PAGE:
The Wall Street Journal's editorial page is no fan of fags, women, and ethnic minorities unless, of course, some goofy foreign potentate begins harrassing them, at which point the Journal rises up in righteous indignation not only at the persecution thereof, but of the mean-spirited and hypocritical refusal on the part of this or that liberal icon to sufficiently denounce said horrors.
As you are probably aware, Iranian President Mahmoud Ahmedinejad claimed that there are no gays in Iran. Well, doesn't the Southern Baptist Convention make strinkingly similar claims about its own ranks? Ahmedinejad also claims to be something more or less like a head of state, which is as true of him as it is of Queen Elizabeth. True, in other words, but not true.
Here is the Journal:
So when Mahmoud Ahmadinejad made the startling claim at Columbia University last week that "we do not have homosexuals in Iran like you do in your country," it offered what could have been a learning opportunity to those who think Iran is just another misunderstood regime with an equally misunderstood president.Is the Iranian régime misunderstood? Not by me. Personally, I don't plan to vacation there anytime soon, but neither do I intend to carpet bomb the place. Into my worldview I admit the possibility of a territory between those extremes. I could say the same about Chad or Estonia. Such are the wages of reason. It is true that Iran has as a figurehead a demagogic weirdo, but no nation escapes such fates entirely. Does Iran repress its gays? Oui, bien sûr. But an invasion seems unlikely to rectify that particular problem. Iraq, one notes, looks nothing like the West Village, nor yet Chelsea, although across sects and social divides, its men do engage a charming affinity for the Tom-of-Finland look.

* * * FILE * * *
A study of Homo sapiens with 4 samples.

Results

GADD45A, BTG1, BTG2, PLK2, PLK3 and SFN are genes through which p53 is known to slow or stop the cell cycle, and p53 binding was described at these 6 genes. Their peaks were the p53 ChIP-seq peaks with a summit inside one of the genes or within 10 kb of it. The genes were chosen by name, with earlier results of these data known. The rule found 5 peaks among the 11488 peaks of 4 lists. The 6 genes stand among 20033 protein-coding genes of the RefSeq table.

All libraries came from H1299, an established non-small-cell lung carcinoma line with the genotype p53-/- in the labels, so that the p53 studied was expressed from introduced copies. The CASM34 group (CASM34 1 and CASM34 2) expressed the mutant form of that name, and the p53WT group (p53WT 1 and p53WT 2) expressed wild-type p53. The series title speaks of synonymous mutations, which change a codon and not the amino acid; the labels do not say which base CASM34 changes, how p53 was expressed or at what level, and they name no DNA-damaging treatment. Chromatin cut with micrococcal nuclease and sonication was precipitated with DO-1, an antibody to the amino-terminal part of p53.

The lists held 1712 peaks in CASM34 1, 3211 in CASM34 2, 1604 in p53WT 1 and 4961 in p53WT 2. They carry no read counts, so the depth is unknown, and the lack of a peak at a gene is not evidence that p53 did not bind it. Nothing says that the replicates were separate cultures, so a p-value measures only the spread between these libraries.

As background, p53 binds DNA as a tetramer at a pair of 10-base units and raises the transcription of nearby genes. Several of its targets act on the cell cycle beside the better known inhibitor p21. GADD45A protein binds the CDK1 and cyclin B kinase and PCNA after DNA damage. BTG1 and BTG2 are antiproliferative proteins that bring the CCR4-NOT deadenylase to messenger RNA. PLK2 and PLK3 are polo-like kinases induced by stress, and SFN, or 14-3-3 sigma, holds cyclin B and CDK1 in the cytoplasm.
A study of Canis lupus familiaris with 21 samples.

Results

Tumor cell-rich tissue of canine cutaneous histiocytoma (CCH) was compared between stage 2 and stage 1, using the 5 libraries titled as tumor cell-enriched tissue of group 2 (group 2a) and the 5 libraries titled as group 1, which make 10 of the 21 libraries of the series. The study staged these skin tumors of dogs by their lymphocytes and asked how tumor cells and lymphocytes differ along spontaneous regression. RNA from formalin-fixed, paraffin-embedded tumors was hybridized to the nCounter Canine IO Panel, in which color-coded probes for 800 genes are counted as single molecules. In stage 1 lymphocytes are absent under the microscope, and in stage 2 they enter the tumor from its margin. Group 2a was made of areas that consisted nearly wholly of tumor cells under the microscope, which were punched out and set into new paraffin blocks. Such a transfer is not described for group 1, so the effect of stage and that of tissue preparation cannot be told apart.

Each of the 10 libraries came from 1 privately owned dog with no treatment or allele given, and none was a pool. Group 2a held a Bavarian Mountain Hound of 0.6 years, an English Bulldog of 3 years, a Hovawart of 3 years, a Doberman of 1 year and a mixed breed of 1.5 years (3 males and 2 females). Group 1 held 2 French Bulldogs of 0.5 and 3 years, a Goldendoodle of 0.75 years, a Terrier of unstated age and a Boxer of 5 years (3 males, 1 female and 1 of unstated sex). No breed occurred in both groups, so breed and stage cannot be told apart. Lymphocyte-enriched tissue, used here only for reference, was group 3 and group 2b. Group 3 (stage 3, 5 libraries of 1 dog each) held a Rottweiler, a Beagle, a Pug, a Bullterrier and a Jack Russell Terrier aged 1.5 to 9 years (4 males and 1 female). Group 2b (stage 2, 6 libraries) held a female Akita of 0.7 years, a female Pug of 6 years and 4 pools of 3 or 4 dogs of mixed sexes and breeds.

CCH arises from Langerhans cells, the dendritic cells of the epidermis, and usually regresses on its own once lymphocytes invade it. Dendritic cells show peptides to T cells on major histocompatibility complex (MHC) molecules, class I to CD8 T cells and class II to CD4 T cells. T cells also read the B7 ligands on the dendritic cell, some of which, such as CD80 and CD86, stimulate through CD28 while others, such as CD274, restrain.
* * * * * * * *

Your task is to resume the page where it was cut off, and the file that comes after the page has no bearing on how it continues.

The Journal heaves up some British liberal who noted that Lee Bollinger, President of Columbia, is preening, vainglorious, and altogether second-rate; that he chose to harp on free speech and to establish his jingo bona fides in the same speech, excoriating a man in a forum that dictated an unequal response. Had Ahmedinejad gone to the mic and called Bollinger a prancing ninny who thinks haranguing a captive audience is an example of moral cojones, he'd have been roundly called hysterical by everyone up to and including the Wall Street Journal. In truth, the Columbia forum proved regrettable for everyone involved. It was impossible to be in or near the lecture hall without being sullied by the floating detritus of someone else's asbestos ego.
If I were the sort of person who respected our institutions of higher education, the whole episode might trouble me. Fortunately there was only ever one kind of higher that went with my education. The rest I recognized as an expensive fraud, a long vacation. Everything about Bollinger's intro and Ahmedinejad's speech was a fraud. It was a simulated encounter--two callow propagandists obliging each other's need for a foil, and every word written about it, including all of these, further the tawdry spectacle.